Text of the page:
A traumatic brain injury or mental disability can turn one’s life from a calm sea into a storm.
EQUI-KIDS and EQUI-VETS, their staff, and their horses can help with that. But they need your support to keep the programs running.
“EQUI-VETS started in 2010 with one rider. This year we serve over 50 vets,” says Jamie Rhoades, Event and Public Relations Manager for EQUI-KIDS proudly. And since the child therapy program started with one horse and six riders first in 1989, it’s gotten exponentially bigger.
EQUI-KIDS and EQUI-VETS offers therapeutic riding lessons and equine therapy for kids of all ages with a wide range of disabilities as well as US Veterans and active duty service members suffering from PTSD. They have licensed therapists, counselors, and 16 experienced horses to provide crucial, and in some cases life-changing, therapy for program participants.
The therapy isn’t all riding, either. “People can enjoy time in the barn,” explained Rhoades. “Not all lessons are mounted.” Psychotherapy sessions can involve observing horse behavior, verbal interaction, and creating a safe, trusting environment that both horses and individuals suffering from mental disabilities often need. As one vet explained, the therapy “creates a pathway for trust.”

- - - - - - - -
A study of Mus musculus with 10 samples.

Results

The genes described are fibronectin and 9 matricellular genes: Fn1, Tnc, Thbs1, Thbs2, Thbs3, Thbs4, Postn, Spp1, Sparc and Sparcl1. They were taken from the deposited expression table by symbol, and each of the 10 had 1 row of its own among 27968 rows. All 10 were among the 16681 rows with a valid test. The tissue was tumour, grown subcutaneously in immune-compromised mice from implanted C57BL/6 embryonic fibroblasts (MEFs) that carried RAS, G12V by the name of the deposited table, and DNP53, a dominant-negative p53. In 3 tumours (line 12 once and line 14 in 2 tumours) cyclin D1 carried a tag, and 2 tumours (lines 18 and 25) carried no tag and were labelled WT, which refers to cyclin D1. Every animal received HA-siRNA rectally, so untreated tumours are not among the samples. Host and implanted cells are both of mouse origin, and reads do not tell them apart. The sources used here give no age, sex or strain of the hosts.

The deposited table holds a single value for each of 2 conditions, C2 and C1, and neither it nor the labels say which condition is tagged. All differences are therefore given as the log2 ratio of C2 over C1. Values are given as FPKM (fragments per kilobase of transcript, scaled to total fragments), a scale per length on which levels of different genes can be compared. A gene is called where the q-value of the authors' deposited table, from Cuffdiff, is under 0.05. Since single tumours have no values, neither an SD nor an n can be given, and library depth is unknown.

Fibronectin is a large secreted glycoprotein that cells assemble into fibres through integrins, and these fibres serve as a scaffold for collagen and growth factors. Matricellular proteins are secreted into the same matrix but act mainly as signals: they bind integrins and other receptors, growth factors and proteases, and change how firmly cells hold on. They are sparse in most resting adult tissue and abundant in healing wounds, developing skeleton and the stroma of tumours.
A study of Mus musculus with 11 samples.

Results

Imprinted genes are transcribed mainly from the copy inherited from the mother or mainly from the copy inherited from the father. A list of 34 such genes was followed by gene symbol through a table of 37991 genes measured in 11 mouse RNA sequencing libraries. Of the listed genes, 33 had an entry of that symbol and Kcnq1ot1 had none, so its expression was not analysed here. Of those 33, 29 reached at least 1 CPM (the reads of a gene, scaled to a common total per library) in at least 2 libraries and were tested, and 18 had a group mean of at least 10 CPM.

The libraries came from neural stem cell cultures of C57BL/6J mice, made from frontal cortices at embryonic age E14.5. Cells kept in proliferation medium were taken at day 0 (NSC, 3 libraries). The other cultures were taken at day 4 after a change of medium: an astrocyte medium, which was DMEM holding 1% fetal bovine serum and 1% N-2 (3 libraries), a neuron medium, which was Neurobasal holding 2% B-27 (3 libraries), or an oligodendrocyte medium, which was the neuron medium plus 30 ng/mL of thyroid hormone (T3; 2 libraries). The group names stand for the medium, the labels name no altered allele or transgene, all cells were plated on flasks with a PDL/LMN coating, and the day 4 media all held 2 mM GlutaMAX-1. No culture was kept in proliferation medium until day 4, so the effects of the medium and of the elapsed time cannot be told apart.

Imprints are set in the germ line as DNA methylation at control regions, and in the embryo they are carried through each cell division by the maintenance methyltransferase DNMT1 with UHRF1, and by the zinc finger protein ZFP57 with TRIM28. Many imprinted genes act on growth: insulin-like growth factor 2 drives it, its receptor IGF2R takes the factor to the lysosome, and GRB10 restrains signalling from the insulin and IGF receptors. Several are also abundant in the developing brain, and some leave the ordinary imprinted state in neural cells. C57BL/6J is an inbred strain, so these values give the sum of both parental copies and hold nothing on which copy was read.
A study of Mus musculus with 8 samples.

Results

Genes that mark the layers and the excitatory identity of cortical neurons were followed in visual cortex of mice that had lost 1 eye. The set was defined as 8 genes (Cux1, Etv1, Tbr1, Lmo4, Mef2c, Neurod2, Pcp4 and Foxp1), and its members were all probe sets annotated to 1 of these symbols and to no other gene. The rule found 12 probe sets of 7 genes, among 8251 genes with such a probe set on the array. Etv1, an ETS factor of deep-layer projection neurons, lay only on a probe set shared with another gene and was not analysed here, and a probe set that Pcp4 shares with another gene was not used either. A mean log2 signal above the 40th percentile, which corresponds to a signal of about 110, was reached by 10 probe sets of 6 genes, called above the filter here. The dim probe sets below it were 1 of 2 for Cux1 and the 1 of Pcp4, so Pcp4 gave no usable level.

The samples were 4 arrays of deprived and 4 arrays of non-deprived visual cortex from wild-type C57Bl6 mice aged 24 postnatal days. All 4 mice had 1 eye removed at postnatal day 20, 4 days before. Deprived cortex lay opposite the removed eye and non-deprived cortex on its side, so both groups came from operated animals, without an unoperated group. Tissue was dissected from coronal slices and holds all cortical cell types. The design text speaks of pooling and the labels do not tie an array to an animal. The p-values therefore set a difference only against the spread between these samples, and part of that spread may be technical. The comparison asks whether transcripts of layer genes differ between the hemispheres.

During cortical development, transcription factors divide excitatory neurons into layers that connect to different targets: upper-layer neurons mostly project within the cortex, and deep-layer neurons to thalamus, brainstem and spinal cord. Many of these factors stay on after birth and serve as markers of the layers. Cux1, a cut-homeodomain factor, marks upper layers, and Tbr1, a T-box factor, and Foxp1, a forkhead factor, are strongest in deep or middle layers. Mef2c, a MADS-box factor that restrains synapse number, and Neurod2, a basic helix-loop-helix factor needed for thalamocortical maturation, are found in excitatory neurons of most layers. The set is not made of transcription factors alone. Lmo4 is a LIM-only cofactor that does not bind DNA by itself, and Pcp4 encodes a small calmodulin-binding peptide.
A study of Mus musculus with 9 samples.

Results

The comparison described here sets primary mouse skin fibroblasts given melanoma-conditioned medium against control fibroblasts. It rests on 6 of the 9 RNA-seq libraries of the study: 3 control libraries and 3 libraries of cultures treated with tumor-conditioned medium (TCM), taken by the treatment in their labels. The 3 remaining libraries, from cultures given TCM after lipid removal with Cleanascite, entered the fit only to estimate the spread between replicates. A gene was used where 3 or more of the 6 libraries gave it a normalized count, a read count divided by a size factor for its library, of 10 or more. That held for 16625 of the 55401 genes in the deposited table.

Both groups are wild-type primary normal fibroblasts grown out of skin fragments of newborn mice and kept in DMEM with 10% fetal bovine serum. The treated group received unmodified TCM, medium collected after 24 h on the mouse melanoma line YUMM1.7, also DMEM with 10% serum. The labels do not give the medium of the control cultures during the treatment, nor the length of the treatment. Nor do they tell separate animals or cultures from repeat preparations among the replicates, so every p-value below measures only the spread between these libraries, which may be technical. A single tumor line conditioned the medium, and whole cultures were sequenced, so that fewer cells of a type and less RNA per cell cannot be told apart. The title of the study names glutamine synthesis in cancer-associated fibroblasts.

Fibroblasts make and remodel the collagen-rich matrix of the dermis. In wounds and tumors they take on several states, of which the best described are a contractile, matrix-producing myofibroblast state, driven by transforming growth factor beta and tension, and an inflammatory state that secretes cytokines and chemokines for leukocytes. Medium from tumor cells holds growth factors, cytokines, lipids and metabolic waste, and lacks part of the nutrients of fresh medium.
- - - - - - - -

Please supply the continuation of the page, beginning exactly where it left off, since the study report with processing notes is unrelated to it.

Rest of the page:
All of this great therapy is done with the help of a LOT of volunteers. Every rider takes three volunteers to lead the horse and
walk supporting the rider on either side. There is also more than enough barn work to be done to keep the horses happy and healthy in their stalls year round.
So how can you help?
Visit equikids.org to find about about upcoming sessions and how you can volunteer, and send an email to Volunteer Coordinator Susan Hahn at email@example.com. From there you can attend an open house and training session at their Virginia Beach facility.
If you can’t get out with the horses or in the barn, you can attend their annual Stall Ball, which is November 21st. It’ll be a great party with a silent auction, live music, and some great food. Click here for details.
“It’s hard work, but great work.” Says Volunteer Coordinator Susan Hahn. “A lot of friendships come out of volunteering.”